BlackBerry‘s (NYSE:BB) stock started the year at $6.58 per share, but it hit a nine-year high of $25.10 on Jan. 27. The stock subsequently retreated to the mid-teens, but still remains up nearly 140% for the year. Let’s see why this battered tech stock suddenly attracted so much interest, and where it could be headed from here.
These developments lit a fire under BlackBerry’s stock
BlackBerry’s rally started in early December after the company announced a partnership with Amazon (NASDAQ:AMZN) Web Services (AWS) to co-develop IVY, a new cloud-based automotive platform based on its embedded operating system QNX.
BlackBerry’s stock jumped again in mid-January after it sold some of its older patents to Huawei and settled its patent infringement lawsuit against Facebook (NASDAQ:FB). BlackBerry initially sued Facebook and Snap back in 2018, claiming their apps infringed upon its mobile messaging patents.
On Jan. 25, BlackBerry announced another automotive deal with Chinese tech giant Baidu (NASDAQ:BIDU), which will integrate QNX into Baidu’s maps in forthcoming electric vehicles from GAC Group.
BlackBerry didn’t reveal how much money it received from any of those deals, but they clearly got the market’s attention. The Reddit-fueled short squeezes, which recently lifted GameStop and other shorted stocks to all-time highs, then brought even more speculators to BlackBerry, Nokia, and other unloved stocks — even though only 7% of BlackBerry’s shares were being shorted at the beginning of the year.
Where does BlackBerry go from here?
BlackBerry’s stock might have rallied, but the company’s underlying fundamentals remain the same.
Under CEO John Chen, who took the helm in late 2013, BlackBerry phased out its hardware business, licensed its brand to third-party smartphone manufacturers, and expanded its software and services business. It also aggressively sued other companies to boost its patent licensing revenue.
BlackBerry’s revenue rose 15% in fiscal 2020, which ended last February, but most of that growth came from its acquisition of the cybersecurity firm Cylance and higher patent licensing revenue.
In the first nine months of 2021, BlackBerry’s revenue declined 10% year over year to $683 million after it lapped those gains. Its QNX revenue also plunged as the pandemic disrupted the auto industry.
Its net loss widened from $111 million to $789 million during that period, mainly due to a hefty goodwill impairment charge. But its adjusted EBITDA — which excludes that charge, its stock-based compensation, and other expenses — rose 63% to $132 million.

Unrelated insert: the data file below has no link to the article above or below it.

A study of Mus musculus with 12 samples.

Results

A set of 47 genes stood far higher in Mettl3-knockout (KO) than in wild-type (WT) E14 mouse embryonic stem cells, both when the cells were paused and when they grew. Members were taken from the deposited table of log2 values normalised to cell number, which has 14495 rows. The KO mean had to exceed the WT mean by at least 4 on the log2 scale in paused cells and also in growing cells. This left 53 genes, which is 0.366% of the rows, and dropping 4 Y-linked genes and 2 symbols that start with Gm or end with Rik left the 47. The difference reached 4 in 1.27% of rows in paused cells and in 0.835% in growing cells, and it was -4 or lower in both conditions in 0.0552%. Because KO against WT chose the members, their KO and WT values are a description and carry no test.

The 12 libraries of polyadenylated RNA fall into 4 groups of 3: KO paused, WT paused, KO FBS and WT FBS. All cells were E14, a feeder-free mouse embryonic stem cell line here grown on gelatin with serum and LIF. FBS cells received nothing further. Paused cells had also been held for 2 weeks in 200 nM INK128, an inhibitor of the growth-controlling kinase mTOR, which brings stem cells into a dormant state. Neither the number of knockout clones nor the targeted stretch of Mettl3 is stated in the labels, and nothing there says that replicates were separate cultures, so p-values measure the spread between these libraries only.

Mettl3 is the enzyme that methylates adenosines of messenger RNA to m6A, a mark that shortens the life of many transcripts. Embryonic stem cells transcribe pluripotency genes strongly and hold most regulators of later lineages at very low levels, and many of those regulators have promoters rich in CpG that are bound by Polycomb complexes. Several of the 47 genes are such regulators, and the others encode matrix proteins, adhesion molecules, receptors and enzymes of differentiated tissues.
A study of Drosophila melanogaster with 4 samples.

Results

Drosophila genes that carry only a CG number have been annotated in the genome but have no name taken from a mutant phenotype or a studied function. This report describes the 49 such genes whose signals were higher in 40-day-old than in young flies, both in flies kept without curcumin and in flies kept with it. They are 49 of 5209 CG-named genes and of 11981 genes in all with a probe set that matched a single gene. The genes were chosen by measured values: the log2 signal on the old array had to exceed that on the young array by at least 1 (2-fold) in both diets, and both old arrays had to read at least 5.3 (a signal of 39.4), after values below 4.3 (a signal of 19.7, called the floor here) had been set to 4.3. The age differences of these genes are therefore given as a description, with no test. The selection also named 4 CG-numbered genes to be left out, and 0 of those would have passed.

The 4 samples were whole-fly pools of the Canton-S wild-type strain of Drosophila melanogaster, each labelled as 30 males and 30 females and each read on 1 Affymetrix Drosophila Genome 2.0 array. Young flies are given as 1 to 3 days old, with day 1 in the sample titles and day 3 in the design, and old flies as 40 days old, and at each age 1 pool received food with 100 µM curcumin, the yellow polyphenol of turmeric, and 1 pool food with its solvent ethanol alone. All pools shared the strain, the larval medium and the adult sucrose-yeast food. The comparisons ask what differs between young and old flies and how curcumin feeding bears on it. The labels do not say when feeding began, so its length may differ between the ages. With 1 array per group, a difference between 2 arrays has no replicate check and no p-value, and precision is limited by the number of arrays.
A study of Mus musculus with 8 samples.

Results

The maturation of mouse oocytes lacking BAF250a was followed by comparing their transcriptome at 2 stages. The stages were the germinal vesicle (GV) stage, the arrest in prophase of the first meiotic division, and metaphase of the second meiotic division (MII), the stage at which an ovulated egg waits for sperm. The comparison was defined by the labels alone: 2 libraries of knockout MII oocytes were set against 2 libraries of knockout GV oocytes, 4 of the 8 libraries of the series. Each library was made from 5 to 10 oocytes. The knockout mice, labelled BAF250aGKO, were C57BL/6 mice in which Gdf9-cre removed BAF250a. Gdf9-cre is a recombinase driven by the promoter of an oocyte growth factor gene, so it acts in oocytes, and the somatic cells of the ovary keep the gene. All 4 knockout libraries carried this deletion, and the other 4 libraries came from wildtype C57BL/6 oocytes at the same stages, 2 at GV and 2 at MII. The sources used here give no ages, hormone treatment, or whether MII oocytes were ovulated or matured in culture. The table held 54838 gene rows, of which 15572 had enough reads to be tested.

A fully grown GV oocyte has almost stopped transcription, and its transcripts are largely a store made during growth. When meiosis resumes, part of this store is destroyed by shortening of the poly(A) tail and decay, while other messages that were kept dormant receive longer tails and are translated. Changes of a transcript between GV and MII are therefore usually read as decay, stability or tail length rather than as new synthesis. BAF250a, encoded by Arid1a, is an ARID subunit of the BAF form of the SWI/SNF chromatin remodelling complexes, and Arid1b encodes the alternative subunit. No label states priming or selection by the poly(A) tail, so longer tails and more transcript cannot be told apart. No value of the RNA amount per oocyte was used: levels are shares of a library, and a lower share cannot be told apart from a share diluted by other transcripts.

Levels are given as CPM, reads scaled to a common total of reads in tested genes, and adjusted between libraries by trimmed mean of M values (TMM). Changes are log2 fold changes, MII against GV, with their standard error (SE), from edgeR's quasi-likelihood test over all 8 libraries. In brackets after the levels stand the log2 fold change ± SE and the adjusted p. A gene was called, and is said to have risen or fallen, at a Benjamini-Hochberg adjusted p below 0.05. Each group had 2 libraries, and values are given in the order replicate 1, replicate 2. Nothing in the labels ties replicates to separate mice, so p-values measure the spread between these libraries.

That bottom-line growth was mainly supported by an increase in its high-margin licensing revenue. Analysts expect BlackBerry’s revenue to decline 14% for the full year, but for its adjusted EPS to rise 39%.
Next year, they expect its revenue to rise 9%, presumably as the auto sector recovers and its Spark suite of security services gains more customers. But its adjusted earnings are still expected to slide 17% as its licensing business faces tough year-over-year comparisons.
Based on those forecasts and the stock’s current price of around $15 a share, BlackBerry trades at nearly 100 times forward earnings and eight times next year’s sales. Those valuations might be reasonable for a high-growth cloud stock, but BlackBerry’s uneven growth doesn’t justify those premium valuations.
Beware of BlackBerry’s hype
BlackBerry has a habit of dressing up old deals like new ones, then obfuscating the actual financial benefits.
For example, BlackBerry’s AWS announcement last December was merely an update of a project that had been revealed nearly a year earlier. In the fine print of its latest SEC filing, BlackBerry says IVY-powered vehicles won’t actually start shipping or generating any meaningful revenue until fiscal 2023. Its work with Baidu is also merely an extension of a previous driverless partnership.
BlackBerry didn’t reveal its exact financial expectations for either deal, and the only visible benefit is the installation of QNX in new vehicles — which isn’t game-changing, since it’s already the dominant OS in new cars.
It’s also odd that BlackBerry didn’t reveal any details about its long-awaited settlement with Facebook. That lack of clarity is frustrating, since BlackBerry generated nearly a third of its revenue from its “licensing and other” segment in the first nine months of 2020, and it needs the business to keep growing to boost its margins and earnings.
Based on those facts, I suspect that none of BlackBerry’s big announcements since December will meaningfully boost its revenue in fiscal 2021 or 2022.
It’s time to take profits
At this point, BlackBerry’s investors shouldn’t look a gift horse in the mouth. A combination of hype and a market-wide short squeeze boosted this stock’s price to double-digit levels again, but these gains are unsustainable.
BlackBerry isn’t doomed yet, but its core business still faces significant challenges from other cybersecurity companies, and its licensing business will eventually run out of companies to sue and patents to sell. Therefore, investors should take profits in BlackBerry now instead of waiting for lightning to strike twice.
This article represents the opinion of the writer, who may disagree with the “official” recommendation position of a Motley Fool premium advisory service. We’re motley! Questioning an investing thesis — even one of our own — helps us all think critically about investing and make decisions that help us become smarter, happier, and richer.